Thursday, April 24, 2008

Sola5 Wednesday Recap - 4/23/08

Note: This weekly topic will be an effort to recap the Wednesday night Bible study I teach at Sola5, my youth group. I hope it serves to help us all in contemplating the ceaseless riches of God’s grace as revealed through the Scriptures.

Last night we continued The Word Became Flesh, our trek through the Gospel of John, by looking at John 16:1-15. However, as is becoming common with me lately, we didn’t quite finish and only made it through the first seven verses. Thankfully, God plans lessons much better than I do, and we were able to wrap up last night’s study by contemplating a very important question.

In our passage, Jesus is continuing to address his disciples on the reality that he no longer will be with them in a physical sense, but is preparing to fulfill his earthly mission by going to the cross. With this jarring reality impending, he is preparing the disciples for what lies ahead so that they might remain strong in their faith. Much like a football team watching film of their next opponent, Jesus understands that when we are prepared for what is coming we are much better able to confront it successfully.

In the first four verses, we see Jesus encouraging the minds of the disciples. He gives them information about what is coming their way. He lets them know that they will lose social standing and likely their very lives because they follow him. How can one call such doom-and-gloom information ‘encouragement?’ By understanding Christ’s words that immediately follow – “But I have said these things to you, that when their hour comes you may remember that I told them to you.” (John 16:4) Jesus wants his disciples to be prepared for the difficult road that they face in following him so that their minds will be strengthened and they will be ready to face what awaits. Persecution is promised, and it’s promised to us today just as surely as it was to them. Loss of social standing is a genuine risk if we’re faithfully living out the gospel message, as many of our friends won’t understand the choices that we make and the things that we value. We don’t largely face the threat of death for our faith in America, but many around the world do, from the Middle East to China to Darfur and beyond. It would be na├»ve, and probably downright arrogant, to assume that God will never demand the same sacrifice from us. Yet no matter what may come, we can stand firm in the faith, confident that the same God who told us to expect these things will sovereignly see his children through to the end.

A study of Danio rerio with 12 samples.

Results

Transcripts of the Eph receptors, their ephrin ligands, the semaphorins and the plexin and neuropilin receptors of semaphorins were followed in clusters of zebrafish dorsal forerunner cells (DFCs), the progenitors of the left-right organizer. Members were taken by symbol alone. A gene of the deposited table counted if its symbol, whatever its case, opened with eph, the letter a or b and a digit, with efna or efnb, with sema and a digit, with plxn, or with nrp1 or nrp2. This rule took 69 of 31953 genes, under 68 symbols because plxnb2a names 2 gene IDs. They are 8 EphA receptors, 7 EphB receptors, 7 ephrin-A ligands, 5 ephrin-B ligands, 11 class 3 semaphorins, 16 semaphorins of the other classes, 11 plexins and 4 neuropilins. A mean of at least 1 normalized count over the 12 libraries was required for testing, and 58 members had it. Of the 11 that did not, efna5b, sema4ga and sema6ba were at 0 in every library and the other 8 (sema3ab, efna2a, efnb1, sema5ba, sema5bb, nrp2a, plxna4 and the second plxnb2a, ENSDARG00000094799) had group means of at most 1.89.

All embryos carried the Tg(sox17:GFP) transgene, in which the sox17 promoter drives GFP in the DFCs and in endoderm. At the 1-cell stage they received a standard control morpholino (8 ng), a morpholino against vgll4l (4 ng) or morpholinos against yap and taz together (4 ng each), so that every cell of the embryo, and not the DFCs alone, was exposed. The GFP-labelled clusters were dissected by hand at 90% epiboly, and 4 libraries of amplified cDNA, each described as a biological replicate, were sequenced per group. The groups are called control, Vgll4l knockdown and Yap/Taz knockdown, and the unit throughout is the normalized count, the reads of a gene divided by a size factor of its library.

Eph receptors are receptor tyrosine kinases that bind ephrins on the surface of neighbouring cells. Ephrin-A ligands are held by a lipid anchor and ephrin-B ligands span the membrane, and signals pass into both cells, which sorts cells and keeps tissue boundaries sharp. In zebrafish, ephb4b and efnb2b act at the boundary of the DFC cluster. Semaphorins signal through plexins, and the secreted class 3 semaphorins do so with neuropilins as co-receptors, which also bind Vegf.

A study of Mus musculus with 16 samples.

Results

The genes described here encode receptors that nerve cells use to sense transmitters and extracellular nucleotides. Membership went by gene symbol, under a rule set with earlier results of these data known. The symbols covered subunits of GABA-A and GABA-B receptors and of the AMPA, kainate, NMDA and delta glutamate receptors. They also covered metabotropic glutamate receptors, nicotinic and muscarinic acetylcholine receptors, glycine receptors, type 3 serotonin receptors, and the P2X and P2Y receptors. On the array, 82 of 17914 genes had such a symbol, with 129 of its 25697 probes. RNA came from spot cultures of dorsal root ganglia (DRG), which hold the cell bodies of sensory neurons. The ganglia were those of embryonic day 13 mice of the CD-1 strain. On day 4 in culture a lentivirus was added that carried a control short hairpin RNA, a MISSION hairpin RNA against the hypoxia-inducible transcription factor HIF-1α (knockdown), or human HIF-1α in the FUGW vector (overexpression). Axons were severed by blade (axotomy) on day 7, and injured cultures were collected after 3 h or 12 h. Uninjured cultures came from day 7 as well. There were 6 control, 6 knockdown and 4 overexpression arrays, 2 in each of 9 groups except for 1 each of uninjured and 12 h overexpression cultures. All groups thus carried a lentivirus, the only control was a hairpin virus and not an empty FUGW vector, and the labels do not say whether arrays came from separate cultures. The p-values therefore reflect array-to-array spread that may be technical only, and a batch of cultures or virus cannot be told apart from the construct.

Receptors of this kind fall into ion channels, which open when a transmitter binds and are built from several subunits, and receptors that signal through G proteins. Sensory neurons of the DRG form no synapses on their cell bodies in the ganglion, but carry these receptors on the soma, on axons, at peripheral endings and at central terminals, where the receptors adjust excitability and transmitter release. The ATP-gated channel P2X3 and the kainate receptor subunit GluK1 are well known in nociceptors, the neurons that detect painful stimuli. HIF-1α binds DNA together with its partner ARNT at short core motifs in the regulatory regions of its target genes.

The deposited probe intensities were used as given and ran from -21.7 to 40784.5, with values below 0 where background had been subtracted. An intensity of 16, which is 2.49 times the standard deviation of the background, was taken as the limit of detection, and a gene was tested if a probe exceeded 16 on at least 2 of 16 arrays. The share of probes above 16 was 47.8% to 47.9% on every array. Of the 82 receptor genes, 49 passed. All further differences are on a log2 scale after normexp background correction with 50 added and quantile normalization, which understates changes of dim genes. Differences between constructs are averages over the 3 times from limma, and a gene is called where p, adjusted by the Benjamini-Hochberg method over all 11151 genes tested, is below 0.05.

In verses 5-7, Jesus begins to encourage the hearts of the disciples, whom we see by his comments in verses 6 and 7 were deeply saddened by the fact that Christ would be leaving them, at least in a physical sense. These eleven men were about to be separated from the one they had followed everywhere for three-and-a-half years, one who had become teacher, master, Lord, and friend. They were not only intellectually and spiritually invested in Jesus’ teachings, but emotionally invested in Jesus himself. This is where we closed, and it allowed us in God’s sovereign mercy to contemplate an important and powerful question – do I love Christ? Is my faith merely intellectual and casual, or have I invested every fiber of who I am into the eternal joy and hope that is Jesus Christ? Christ himself said that the first and greatest commandment was to love the Lord your God (Matthew 22:37) – not to know about him, not to admire him, but to love him. This investment of emotion is one that is often difficult for us to express – especially, I think, for guys. However, if our faith remains an intellectual exercise and lacks genuine love for Christ (and by implication, for one another), then we ultimately fail, and miss the truth. Consider yourself this week – do you love Christ? I pray God would give us the treasure of an ever deepening love.

1 comment:

Corey Reynolds said...

Interestingly, I just got finished reading the chapter in Kent Hughes' book, Liberating Ministry from the Success Syndrome, that was entitled, "Success is Loving". In it, that same question is asked of ministers as a way to gauge real success in ministry: not by how large your church is, but by how much you continue to love Christ.

By the way, Hughes exposition of John 21 in that chapter is the best I have ever seen. When you get ready to lead the youth through that chapter, be sure to read Hughes' thoughts. They are much more personal and real than most.